Integrating livestock and water management

Women washing and cow drinking at a river in Rajasthan, India

Livestock are often neglected in water management policies, yet demand for livestock products is predicted to soar, placing even greater pressure on scarce water supplies. A new brief outlines strategies and opportunities to double livestock water productivity.

Water management policies tend to focus on water productivity in crop production and industrial and domestic use. Livestock are given little attention. A new brief entitled ‘Integrating livestock and water management to maximize benefits’, highlights the important contributions livestock make to livelihoods, particularly in developing countries, and the need for livestock to be fully considered in water management policies in order to maximize benefits.

Demand for livestock products are predicted to double over the next twenty years and this will place greater pressure on already scarce water supplies. Livestock contribute to the livelihoods of at least 70% of the world’s rural poor, providing many benefits including food, fuel, fertilizer and transportation. According to ILRI scientist Don Peden, ‘integrating livestock and water could bring big benefits, but it is receiving little attention in the livestock and water sectors.’

Livestock water productivity
Livestock water productivity is the amount of water depleted or diverted to produce livestock and livestock products and services. Livestock require a great deal of water – not for drinking – but for their feed. Livestock water productivity can be increased by identifying areas where water efficiency gains can be made to free up scarce water for other uses.

Many people in industrial countries eat more food than is necessary and healthy.
‘Health experts and environmentalists in industrial countries are calling for people to reduce their consumption of meat and dairy products. In the developing world, nutritionally deprived people could benefit from consumption of more animal products’ says Peden.

‘The challenge is to enable poor livestock keepers to get more from their animals, while using less water and reducing degradation of land and water resources.’ The convergence of high livestock densities and poverty occurs mostly in South Asia and sub-Saharan Africa. To help the greatest number of livestock-dependent rural poor, these two regions would therefore be priority regions for integrating livestock and water development.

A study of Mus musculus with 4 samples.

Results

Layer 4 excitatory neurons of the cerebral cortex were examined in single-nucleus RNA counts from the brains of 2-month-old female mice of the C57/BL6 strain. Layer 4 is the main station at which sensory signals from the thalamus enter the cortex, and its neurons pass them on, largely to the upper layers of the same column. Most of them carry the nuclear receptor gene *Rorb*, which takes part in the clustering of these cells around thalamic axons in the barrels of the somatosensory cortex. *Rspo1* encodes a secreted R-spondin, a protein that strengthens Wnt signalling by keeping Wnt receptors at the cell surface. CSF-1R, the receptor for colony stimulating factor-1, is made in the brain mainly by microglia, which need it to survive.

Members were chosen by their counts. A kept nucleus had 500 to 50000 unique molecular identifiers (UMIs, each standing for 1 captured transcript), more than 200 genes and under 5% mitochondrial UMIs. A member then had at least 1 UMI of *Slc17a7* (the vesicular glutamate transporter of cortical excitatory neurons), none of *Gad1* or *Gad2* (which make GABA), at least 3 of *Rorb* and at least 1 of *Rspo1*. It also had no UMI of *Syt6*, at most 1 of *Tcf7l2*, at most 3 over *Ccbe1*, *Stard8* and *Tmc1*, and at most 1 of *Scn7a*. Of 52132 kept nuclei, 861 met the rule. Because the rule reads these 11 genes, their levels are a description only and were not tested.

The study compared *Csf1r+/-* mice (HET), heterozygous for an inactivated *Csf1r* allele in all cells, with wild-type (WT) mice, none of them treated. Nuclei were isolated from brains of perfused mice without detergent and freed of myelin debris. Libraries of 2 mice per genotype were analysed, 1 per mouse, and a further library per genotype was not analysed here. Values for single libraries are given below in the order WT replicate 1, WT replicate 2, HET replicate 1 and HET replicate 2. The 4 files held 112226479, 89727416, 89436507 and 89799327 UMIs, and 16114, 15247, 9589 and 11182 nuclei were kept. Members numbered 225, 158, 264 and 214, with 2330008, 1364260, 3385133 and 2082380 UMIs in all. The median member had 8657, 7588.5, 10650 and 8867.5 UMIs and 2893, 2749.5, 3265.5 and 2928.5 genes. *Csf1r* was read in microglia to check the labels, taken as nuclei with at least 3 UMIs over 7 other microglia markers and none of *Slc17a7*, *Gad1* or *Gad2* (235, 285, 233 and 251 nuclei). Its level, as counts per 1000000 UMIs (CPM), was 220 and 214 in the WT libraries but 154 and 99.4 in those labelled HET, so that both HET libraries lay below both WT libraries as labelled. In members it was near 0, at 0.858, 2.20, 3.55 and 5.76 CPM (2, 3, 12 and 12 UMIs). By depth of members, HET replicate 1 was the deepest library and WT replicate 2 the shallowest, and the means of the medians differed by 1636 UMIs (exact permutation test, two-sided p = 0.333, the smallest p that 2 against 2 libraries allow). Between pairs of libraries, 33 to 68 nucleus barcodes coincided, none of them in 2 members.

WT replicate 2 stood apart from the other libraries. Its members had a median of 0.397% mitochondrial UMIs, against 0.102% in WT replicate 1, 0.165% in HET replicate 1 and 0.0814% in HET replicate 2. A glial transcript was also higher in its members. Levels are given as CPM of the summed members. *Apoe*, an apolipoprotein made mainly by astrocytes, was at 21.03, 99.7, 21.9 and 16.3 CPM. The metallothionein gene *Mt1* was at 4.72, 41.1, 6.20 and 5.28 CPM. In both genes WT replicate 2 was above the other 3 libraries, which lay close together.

Distribution of poor livestock keepers (no.km3)

Strategies for improving livestock water productivity

The brief outlines four strategies for improving livestock water productivity, to reduce the amount of water used in livestock production and to increase the benefits from livestock per unit of water used. The authors argue that by taking a balanced site-specific approach, that combines all four strategies, it should be possible to at least double livestock water productivity.

  • Strategic sourcing of animal feeds – Reducing the amount of water depleted to produce animal feed may be one of the most effective ways to improve water productivity globally. Three basic ways of accomplishing this are (i) promoting non-grain food sources with high water productivity, (ii) use of crop residues and by-products as feed, and (iii) practices that encourage more efficient grazing.
  • Enhancing animal productivity and reducing herd sizes – In much of the developing world livestock productivity is less than 50% of genetic potential. Milk production is low – often less than two litres per cow per day – as opposed to 15 litres or more. Promoting better health, genetics, nutrition and animal husbandry practices would enable livestock keepers to get more from fewer animals.
  • Reducing negative environmental impacts – Loss of vegetation due to overgrazing results in increased soil erosion, downslope sedimentation and reduced water infiltration. Research indicates that low to moderate grazing pressure has little negative impact on hydrology. Managing animals in ways that reduce land and water degradation, for example, by restricting animal access to certain areas and more integrated management of grazing land will help to reduce negative environmental effects.
  • Strategic provision of drinking water – The amount, quality and location of livestock drinking water can have a big impact on livestock water productivity. Water deprivation reduces feed intake and can greatly lower milk production. Providing adequate quality drinking water – strategically placed – enables animals to reach otherwise inaccessible grazing areas, keeps them from contaminating domestic water sources, and enhances production of meat and milk. Given the high value of animals, particularly to poor households, and the relatively small amount of water animals drink, strategic provision of drinking water is a good investment.

The authors argue that the livestock water productivity opportunities identified in the brief can only be realized if livestock and water are fully integrated and location-specific adjustments are made, for example, at the community level and integration of pasture management and water users associations.